Justices won’t wade into fight for access to surveillance court rulings | Courthouse News Service

Justices Neil Gorsuch and Sonia Sotomayor made for an unlikely pair in criticizing their colleagues for not taking up the ACLU’s effort to make secretive court rulings public.

WASHINGTON (CN) — Two justices from opposite ends of the political spectrum joined forces Monday to criticize the Supreme Court's rejection of an appeal from civil rights groups fighting for access to rulings from a secretive surveillance court.

For almost 50 years, the Foreign Intelligence Surveillance Court has overseen any number of international and domestic surveillance issues, but the amount and scope of its work remains statutorily shrouded in mystery.

In 2016, the American Civil Liberties Union sought to pry open that work by asking to see the court's opinions, but that attempt was stymied Monday when the Supreme Court denied the group's petition to hear its case after both the surveillance court, known as the FISC, and its appeals branch rejected the request to release opinions.

While a majority of the high court bench voted against hearing the case, conservative Justice Neil Gorsuch, joined by liberal Justice Sonia Sotomayor, dissented.

“This case presents questions about the right of public access to Article III judicial proceedings of grave national importance,” Gorsuch wrote. “Maybe even more fundamentally, this case involves a governmental challenge to the power of this court to review the work of Article III judges in a subordinate court.” 

“If these matters are not worthy of our time, what is?” the Donald Trump-appointed justice added.

Gorsuch called out the government's "extraordinary claim" that not only does the public lack the right to see rulings in FISC cases, but not even the Supreme Court can review the surveillance court's decisions.

"On the government’s view, literally no court in this country has the power to decide whether citizens possess a First Amendment right of access to the work of our national security courts,” he wrote. “Today the court declines to take up this matter. I would hear it.”

The ACLU and other groups, including Yale Law School's Media Freedom and Information Access Clinic, first sought information on the highly secretive court back in 2013.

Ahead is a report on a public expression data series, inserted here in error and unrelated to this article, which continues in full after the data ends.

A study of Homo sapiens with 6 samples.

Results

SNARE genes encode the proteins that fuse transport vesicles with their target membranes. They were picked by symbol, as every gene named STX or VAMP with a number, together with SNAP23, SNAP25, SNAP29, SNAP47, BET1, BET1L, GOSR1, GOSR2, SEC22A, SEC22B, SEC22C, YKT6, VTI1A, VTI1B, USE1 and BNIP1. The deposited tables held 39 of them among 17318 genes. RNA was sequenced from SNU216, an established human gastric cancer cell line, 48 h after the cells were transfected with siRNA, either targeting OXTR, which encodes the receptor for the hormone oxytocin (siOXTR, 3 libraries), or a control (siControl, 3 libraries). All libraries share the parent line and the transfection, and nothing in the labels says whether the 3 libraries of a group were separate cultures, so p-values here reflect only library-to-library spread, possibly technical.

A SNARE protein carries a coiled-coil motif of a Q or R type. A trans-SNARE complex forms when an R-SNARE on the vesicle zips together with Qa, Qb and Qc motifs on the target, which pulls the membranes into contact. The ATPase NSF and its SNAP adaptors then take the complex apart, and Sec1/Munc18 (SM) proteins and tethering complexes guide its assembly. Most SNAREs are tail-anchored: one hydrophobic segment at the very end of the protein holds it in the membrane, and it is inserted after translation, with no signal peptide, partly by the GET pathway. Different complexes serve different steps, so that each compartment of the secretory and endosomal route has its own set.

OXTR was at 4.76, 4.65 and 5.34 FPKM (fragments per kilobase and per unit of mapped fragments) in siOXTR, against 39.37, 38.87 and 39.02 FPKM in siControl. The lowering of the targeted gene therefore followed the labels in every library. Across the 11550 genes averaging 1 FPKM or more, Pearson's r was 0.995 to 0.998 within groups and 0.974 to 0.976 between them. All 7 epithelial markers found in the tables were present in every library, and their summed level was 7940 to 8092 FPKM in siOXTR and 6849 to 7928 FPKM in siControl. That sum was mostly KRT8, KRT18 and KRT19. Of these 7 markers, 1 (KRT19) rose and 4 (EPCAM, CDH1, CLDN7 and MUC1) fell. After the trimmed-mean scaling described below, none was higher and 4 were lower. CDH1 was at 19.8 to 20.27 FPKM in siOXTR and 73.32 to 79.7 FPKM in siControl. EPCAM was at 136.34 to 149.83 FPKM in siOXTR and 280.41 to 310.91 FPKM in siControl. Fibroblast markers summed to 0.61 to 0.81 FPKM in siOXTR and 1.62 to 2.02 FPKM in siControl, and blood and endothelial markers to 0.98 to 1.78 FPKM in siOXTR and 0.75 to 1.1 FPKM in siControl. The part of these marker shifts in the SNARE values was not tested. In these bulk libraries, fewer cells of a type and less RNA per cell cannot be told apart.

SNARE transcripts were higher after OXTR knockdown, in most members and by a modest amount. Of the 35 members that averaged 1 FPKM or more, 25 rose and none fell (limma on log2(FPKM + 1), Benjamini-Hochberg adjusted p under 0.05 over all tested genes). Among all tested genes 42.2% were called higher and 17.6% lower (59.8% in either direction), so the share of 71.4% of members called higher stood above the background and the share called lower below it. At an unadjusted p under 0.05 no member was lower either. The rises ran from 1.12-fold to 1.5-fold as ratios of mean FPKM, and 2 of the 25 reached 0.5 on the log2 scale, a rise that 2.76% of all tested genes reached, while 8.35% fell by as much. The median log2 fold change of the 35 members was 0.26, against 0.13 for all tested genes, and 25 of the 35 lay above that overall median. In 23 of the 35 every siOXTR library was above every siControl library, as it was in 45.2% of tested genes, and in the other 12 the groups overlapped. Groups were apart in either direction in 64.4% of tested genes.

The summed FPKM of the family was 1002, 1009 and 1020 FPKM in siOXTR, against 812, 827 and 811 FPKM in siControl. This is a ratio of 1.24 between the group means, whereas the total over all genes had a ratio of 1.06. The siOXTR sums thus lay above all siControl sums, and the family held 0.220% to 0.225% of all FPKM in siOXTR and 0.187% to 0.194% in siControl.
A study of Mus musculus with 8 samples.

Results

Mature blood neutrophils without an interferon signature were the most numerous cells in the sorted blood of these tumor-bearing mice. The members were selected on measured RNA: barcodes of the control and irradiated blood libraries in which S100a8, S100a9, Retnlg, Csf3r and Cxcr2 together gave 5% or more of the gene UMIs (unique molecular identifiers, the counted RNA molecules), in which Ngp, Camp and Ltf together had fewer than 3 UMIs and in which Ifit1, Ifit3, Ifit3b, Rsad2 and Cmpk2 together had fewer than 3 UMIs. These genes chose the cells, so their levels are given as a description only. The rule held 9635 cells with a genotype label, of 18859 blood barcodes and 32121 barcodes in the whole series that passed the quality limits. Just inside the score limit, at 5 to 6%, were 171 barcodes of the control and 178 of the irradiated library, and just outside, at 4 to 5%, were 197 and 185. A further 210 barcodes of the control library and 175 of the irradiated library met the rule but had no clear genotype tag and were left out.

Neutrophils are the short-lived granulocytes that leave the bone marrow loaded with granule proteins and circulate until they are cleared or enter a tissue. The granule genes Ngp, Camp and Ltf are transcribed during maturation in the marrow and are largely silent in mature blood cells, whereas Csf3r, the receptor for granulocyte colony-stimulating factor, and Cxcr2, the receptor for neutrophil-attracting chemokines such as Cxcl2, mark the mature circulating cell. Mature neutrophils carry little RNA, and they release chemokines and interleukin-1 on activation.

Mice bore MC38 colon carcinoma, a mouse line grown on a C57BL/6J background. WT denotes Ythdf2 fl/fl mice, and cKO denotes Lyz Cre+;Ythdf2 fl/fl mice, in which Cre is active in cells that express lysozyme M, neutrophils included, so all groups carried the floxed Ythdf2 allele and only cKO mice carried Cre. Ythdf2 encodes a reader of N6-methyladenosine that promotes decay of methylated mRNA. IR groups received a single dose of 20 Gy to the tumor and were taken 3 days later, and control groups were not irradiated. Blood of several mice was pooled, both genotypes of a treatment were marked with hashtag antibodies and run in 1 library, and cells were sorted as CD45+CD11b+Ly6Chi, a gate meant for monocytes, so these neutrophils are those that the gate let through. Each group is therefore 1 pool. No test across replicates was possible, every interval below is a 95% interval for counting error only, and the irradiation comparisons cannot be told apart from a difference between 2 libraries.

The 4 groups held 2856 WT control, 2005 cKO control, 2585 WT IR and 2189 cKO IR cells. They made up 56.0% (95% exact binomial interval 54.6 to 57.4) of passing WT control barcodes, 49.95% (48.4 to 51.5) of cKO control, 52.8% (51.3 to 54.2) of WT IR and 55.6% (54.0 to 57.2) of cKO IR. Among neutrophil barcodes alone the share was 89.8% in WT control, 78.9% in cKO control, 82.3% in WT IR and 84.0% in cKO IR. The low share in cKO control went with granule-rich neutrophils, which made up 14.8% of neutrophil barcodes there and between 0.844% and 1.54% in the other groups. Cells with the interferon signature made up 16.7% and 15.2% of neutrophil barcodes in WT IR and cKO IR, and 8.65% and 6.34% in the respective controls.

In their first filing with the FISC, they noted former President Barack Obama, members of Congress and some members of America's national security apparatus all publicly discussed issues that stem from the court. This public discourse from the Oval Office on down should have opened the court’s doors to the public, according to the groups.

Concealment of the court's reported work – from approving the bulk tracking of Americans’ communications to allowing federal pressure on private companies to create backdoors on citizens' devices and software – must end in order to protect the public's privacy in the face of government surveillance, the groups argued.

“There is no obstacle— either procedural or practical—to releasing FISC opinions that have been carefully redacted to protect specific intelligence interests, so that the public knows the meaning of its laws,” wrote Alex Abdo, ACLU attorney and litigation director for the Knight First Amendment Institute at Columbia University, in the rejected 2013 filing.

In its response to the ACLU's request for a Supreme Court hearing, the government downplayed the invasiveness of the FISC’s work. 

Instead, acting Solicitor General Brian Fletcher argued the court serves the legitimate purpose of providing a “secure framework” for the president's administration to conduct “legitimate electronic surveillance for foreign intelligence purposes.” 

“The executive branch is committed to providing the public as much transparency about the FISC’s work as is consistent with the nation’s security,” Fletcher wrote, before pointing to the Freedom of Information Act as an alternative tool to gain access to the court’s work. 

The ACLU shared Gorsuch and Sotomayor's disappointment over Monday's denial.

“Our privacy rights rise or fall with the court’s decisions, which increasingly apply outdated laws to the new technologies we rely on every day," said Patrick Toomey, senior staff attorney at the ACLU’s National Security Project. "These opinions are the law and they should be public, not kept hidden from Americans whose rights hang in the balance.”

The Justice Department did not immediately respond to a request for comment.